Severely disabled woman dies after court decision to end life support

Written by Brian Farmer

A 79-year-old woman left brain damaged and severely physically disabled following a stroke has died following a life-support treatment ruling by a judge in a specialist court.

Mr Justice Cobb had decided that doctors could lawfully stop artificial feeding after analysing the case at a hearing in the Court of Protection, where issues relating to people who lack the mental capacity to make decisions are considered, in London in early September.

He has announced his decision - and the woman's death - in a written ruling published on Monday.

The judge said the woman had died "peacefully" earlier this month shortly after artificial feeding had ended.

He had heard that the woman was significantly incapacitated and being kept alive only through artificial feeding.

Relatives had asked the judge to consider whether it was in the woman's best interests for medics to continue providing "clinically assisted nutrition and hydration".

He said the woman's family was "united" behind the application.

Health authority bosses with responsibility for the woman's care said they would have made a similar application in relatives had not done so.

"I have reviewed and considered (her) welfare in the widest sense," said the judge.

"On balance I have concluded that it is not in her best interests."

"It follows that the discontinuance of the clinically assisted nutrition and hydration treatment is therefore lawful."

Mr Justice Cobb said the woman could not be identified.

He said Kingston Council in south-west London (pictured) and the Sutton Clinical Commissioning Group had responsibilities for her care.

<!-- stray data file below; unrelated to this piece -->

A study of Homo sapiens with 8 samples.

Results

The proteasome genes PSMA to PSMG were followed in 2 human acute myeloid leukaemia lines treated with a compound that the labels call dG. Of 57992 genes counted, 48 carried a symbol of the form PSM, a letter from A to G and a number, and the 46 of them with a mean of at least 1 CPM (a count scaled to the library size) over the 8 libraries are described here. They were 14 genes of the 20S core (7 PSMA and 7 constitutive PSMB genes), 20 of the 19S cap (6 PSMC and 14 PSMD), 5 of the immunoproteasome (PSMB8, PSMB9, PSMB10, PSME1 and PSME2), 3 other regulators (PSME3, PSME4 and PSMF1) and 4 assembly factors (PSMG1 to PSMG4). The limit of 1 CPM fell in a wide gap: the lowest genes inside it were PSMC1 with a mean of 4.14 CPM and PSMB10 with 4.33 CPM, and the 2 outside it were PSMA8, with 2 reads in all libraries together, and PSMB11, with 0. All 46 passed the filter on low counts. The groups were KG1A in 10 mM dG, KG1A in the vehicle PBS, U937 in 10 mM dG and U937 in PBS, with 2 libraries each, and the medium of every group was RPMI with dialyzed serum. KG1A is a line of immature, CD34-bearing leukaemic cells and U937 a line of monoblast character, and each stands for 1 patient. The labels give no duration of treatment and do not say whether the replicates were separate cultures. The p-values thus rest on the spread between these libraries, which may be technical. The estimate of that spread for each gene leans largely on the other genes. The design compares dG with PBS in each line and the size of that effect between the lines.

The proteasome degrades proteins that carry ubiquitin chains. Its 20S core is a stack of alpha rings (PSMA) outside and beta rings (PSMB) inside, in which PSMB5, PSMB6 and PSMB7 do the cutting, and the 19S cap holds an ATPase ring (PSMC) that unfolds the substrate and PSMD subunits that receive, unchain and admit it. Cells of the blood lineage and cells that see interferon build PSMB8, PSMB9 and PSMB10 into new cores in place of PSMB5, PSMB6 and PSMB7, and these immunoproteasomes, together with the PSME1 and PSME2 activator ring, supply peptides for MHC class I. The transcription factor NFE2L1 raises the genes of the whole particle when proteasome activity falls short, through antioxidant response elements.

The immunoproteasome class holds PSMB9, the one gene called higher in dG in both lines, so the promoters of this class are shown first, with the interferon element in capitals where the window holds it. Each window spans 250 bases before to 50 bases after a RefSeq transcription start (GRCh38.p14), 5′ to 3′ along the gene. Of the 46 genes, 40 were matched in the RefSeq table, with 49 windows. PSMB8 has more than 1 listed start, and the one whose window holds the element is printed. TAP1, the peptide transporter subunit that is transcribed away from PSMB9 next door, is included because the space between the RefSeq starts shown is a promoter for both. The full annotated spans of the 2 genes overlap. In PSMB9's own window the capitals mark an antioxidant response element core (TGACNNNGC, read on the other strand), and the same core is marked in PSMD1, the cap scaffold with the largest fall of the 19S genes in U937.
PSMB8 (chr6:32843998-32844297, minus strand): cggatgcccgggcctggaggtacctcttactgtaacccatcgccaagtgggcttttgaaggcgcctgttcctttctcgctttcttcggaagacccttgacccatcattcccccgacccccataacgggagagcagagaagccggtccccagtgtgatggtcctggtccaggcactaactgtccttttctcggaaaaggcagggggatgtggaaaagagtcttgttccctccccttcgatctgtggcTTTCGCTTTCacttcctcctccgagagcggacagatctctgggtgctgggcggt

A lawyer who represented the woman's family said the case was "incredibly emotive".

"It has been hugely difficult for (her) loved ones to make the decision in terms of applying for treatment to come to an end, " said Alice Cullingworth, who is based at law firm Irwin Mitchell.

"The patient's full circumstances and her human rights were considered by the court before arriving at a decision that it was in her best interests to provide palliative care only."

She added: "This case is truly heartbreaking and we only hope that if the family can draw any comfort from this outcome, it is that the wishes of their much-loved mother and wife will have been met."

The woman's son said: "It was incredibly difficult for us to make this application, particularly as I enjoyed a close relationship with Mum all of my life.

"This closeness is why I and the rest of the family knew that continuing with medical treatment was simply not what she would want.

"Mum prided herself on being independent, so being in a position where she was wholly dependent on the help of others without any prospect of recovery must have been so hard for her.

"She told us before her stroke that if she was ever in a position like that, she would want to pass away."